Opportunities for Australian horticulture in the Carbon Farming Initiative (AH11020)
This is a final research report from Hort Innovation’s historical archives. Please note that as these reports may date back as far as the 1990s, the content and recommendations within them may be superseded by more recent research.
What was it all about?
The Carbon Farming Initiative (CFI) was a voluntary agricultural carbon offset scheme that complemented the Government’s Clean Energy Future plan. Under the CFI, farmers and landowners could earn carbon credits through projects that reduced emissions of greenhouse gases, or that sequester carbon in the environment.
The CFI scheme provided a single framework that covered offset projects and markets, simplifying the process for farmers and landowners. It was a voluntary scheme implemented to provide an incentive for agricultural businesses to reduce emissions or increase carbon sinks by offering economic rewards.
CFI projects needed to be based on approved methodologies that provided detailed descriptions of eligible activities, and rules for implementation and monitoring of the abatement activities.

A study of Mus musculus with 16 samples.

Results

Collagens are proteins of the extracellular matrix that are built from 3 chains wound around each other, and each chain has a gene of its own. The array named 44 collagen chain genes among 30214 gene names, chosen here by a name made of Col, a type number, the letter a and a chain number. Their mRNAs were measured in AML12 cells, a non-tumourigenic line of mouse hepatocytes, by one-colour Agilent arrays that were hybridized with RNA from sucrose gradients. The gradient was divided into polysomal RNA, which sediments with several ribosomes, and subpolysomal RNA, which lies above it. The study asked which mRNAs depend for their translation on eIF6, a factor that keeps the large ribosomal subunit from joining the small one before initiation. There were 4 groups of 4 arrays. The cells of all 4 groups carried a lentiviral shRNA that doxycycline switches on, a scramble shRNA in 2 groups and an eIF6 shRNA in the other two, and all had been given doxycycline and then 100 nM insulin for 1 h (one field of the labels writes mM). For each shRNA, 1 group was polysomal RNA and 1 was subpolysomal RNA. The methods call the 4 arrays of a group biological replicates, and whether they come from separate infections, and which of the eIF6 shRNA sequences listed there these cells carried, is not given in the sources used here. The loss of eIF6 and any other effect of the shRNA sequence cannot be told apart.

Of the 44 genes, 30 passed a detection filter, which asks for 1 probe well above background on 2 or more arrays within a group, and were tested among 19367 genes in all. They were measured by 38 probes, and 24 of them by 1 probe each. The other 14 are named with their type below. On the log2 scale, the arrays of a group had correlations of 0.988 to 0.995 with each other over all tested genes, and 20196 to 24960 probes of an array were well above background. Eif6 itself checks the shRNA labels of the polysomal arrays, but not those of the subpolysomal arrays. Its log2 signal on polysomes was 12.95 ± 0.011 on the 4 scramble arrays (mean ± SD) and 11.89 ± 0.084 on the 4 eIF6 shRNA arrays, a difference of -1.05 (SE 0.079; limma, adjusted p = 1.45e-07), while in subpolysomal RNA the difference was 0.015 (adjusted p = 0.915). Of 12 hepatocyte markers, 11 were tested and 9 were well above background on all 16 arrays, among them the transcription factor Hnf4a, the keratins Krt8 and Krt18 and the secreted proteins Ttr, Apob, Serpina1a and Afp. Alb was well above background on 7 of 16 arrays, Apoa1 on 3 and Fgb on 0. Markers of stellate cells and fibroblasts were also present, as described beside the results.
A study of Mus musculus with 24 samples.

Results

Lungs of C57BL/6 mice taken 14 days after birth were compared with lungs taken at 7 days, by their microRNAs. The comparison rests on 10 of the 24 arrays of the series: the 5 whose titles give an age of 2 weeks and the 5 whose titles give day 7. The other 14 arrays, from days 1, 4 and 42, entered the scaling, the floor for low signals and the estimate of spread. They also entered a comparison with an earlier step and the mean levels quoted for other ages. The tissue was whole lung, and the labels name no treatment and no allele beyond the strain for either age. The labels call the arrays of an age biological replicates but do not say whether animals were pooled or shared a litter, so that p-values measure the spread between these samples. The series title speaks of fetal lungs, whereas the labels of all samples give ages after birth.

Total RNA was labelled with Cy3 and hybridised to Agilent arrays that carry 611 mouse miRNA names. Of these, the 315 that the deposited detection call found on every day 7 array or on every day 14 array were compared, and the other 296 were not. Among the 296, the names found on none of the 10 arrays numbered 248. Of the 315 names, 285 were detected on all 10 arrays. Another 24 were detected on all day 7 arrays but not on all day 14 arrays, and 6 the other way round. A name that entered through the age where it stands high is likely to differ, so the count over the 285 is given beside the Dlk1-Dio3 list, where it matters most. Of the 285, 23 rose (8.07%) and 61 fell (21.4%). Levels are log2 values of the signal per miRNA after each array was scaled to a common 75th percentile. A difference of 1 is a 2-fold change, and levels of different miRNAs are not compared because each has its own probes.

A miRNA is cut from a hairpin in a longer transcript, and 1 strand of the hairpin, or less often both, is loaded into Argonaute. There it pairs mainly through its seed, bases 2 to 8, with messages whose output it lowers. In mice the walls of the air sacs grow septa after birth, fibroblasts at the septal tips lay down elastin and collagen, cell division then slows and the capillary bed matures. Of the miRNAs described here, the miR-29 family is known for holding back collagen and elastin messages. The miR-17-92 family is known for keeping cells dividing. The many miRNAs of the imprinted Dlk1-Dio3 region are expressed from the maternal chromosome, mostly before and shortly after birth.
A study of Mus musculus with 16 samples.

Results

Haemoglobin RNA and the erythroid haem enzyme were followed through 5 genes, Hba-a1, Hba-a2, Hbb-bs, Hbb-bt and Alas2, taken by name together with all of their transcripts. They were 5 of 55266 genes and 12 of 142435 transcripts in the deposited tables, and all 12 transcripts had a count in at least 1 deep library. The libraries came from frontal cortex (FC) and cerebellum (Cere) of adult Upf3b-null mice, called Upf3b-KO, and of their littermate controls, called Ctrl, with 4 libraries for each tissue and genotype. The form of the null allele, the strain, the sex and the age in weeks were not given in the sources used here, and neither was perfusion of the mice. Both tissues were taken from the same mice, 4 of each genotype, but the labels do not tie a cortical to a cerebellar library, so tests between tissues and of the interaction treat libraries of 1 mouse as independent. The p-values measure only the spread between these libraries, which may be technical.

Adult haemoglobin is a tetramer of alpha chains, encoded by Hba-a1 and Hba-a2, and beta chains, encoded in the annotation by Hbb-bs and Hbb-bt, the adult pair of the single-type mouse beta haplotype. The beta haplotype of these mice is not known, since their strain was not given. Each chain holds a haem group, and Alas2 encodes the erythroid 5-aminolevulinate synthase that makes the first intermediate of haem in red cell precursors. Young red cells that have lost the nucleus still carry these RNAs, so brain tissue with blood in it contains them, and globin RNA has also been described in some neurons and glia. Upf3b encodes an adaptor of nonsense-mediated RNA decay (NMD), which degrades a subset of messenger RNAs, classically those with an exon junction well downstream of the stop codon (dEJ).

The potential for the horticultural sector to participate in the CFI was considered to be considerably lower than that for other agricultural businesses. Horticulture was characterised by intensive production of high value products on small land areas compared to other agricultural businesses. The most promising type of CFI project seemed to be mitigation of nitrous oxide emissions from improved fertiliser management. However, projects such as reforestation, revegetation and carbon soil sequestration may have also provided opportunities for some growers. Environmental plantings could be used as windbreaks or visual screens and thereby provided additional benefits to the farm.
Uncertainties about the carbon market, the level of demand for credits, and realistic abatement and sequestration potentials made it difficult to estimate the actual economic potential for horticulture at this time. However, all of the available information suggested that the income potential for horticultural producers would be limited.